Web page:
Hunger in the news

10 September 2009

The agricultural and livestock sector in Burundi will benefit, over the next four years, from an investment of US$ 40 million from the European Union (EU), the International Fund for Agricultural Development (IFAD) and World Food Programme (WFP), PANA learnt from an official source in Bujumbura.

19 May 2009

The United Nations refugee agency today reported that it had assisted in the return to Burundi of more than 500 refugees who had spent the last ten years in Rwanda. (..) A truck and bus convoy brought the refugees returning to Burundi to a transit centre, where they were provided with assistance, non- food items and food rations from UNHCR, the World Food Programme (WFP) and humanitarian partners.

29 April 2009

Weeks of torrential rains in and around Bujumbura have worsened living conditions for thousands of residents of an informal settlement on the outskirts of the capital, most of whom have been displaced for years. (...) On 24 April, the UN World Food Programme (WFP) distributed food relief to last the residents 10 days: each person received 22kg of maize flour, 2.5kg of beans, 1.25kg of oil and 250g of salt. Ricky Nelly Ndagano, a programme officer in charge of communication at WFP, said the agency would evaluate residents' needs. "After this first relief, we are planning to assess the needs in food and non-food items and what further assistance the organisation can bring to the Sabe destitute," she said.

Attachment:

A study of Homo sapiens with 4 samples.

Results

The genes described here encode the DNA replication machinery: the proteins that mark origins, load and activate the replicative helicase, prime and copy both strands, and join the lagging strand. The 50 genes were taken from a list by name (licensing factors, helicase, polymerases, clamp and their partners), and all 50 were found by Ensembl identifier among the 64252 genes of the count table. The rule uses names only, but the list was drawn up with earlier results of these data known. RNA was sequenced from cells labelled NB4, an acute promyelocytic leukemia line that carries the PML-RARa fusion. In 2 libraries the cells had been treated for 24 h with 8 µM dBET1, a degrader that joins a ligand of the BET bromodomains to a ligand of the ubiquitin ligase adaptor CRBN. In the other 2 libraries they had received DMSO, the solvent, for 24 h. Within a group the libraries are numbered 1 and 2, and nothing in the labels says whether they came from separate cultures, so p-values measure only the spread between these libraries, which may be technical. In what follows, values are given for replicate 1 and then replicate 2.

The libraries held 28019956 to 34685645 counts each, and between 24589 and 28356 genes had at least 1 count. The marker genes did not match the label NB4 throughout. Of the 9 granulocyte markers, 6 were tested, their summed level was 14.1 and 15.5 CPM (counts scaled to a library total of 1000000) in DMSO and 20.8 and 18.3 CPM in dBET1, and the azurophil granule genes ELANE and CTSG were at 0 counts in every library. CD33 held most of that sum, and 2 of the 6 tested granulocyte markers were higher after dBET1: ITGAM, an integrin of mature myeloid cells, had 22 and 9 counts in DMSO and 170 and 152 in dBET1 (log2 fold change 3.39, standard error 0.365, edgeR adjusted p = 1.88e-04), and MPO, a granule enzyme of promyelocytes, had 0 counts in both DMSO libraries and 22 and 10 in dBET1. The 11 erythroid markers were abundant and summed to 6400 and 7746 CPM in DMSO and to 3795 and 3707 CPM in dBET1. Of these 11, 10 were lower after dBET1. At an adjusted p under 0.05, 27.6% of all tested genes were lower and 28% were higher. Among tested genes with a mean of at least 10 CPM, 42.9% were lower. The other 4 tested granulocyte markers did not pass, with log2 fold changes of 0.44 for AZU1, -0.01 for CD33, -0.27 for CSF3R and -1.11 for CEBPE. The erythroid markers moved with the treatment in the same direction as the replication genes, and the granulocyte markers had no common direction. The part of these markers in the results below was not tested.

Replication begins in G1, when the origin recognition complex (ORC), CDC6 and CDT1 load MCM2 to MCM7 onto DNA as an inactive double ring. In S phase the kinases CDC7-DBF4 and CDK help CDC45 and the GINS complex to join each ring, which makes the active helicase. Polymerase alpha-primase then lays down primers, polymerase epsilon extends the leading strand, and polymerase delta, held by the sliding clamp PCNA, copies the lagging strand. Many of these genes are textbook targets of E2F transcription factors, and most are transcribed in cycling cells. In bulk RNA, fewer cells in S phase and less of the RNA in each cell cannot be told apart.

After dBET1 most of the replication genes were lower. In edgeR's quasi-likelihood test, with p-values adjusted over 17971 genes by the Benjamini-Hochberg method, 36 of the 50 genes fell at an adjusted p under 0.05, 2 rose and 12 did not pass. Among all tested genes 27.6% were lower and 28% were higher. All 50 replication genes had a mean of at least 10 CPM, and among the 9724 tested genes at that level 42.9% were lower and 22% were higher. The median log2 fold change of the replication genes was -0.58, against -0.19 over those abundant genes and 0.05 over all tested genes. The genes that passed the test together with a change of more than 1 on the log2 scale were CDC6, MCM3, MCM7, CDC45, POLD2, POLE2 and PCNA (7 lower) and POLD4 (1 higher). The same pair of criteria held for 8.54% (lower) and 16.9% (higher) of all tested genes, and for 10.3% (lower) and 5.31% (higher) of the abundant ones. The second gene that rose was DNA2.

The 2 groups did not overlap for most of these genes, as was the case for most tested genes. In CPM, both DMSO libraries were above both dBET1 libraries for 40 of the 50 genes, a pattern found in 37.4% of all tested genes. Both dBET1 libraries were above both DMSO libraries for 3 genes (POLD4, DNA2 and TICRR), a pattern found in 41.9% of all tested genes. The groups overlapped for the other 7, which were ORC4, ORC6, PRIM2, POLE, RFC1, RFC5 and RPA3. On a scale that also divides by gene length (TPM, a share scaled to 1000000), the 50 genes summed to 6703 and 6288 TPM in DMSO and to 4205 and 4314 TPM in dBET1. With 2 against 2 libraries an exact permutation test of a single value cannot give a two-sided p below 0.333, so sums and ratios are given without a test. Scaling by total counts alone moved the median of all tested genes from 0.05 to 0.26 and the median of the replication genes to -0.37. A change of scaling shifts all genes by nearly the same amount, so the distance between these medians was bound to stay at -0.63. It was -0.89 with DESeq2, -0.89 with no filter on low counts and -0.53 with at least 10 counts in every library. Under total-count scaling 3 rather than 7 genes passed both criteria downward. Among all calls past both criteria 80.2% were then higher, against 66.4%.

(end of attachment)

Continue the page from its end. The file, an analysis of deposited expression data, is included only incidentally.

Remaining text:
23 January 2009

Uganda and Burundi have put two battalions on standby to send to war-torn Somalia to fill the gap left by withdrawing Ethiopian troops, a Ugandan army spokesman said Friday. "There is no time framework under which we will send our soldiers there," Major Felix Kulayigye told Deutsche Presse-Agentur dpa. "We have a battalion ready, and it is just a matter of waiting for the logistics and then we will go." Ethiopia is pulling its forces out of Somalia after a two-year occupation that has failed to defeat Islamist forces, reported dpa. [...] The United Nations World Food Programme (WFP) warned on Thursday that it might have to stop distributing food in Somalia if the safety of its staff cannot be guaranteed. Two WFP aid workers were shot in early January, adding to another five killed last year.

12 January 2009

THE World Food Programme (WFP) has began buying food directly from small-holding farmers in Uganda to boost opportunities for poverty eradication. The UN food agency said in a statement yesterday that it bought $53m worth of food locally last year for recipients in Uganda, Rwanda, Burundi and Eastern DR Congo. The statement said the agency plans to increase the purchases to more than $100m annually in three years. The country director, Stanlake Samkange, said WFP recently started buying food through the warehouse receipt system to increase direct assistance to small-scale farmers and support the Government poverty eradication efforts. “Buying food directly from small-scale farmers, especially at high prices, helps further by improving the quality of life for the poorest people,” Samkange said in the statement.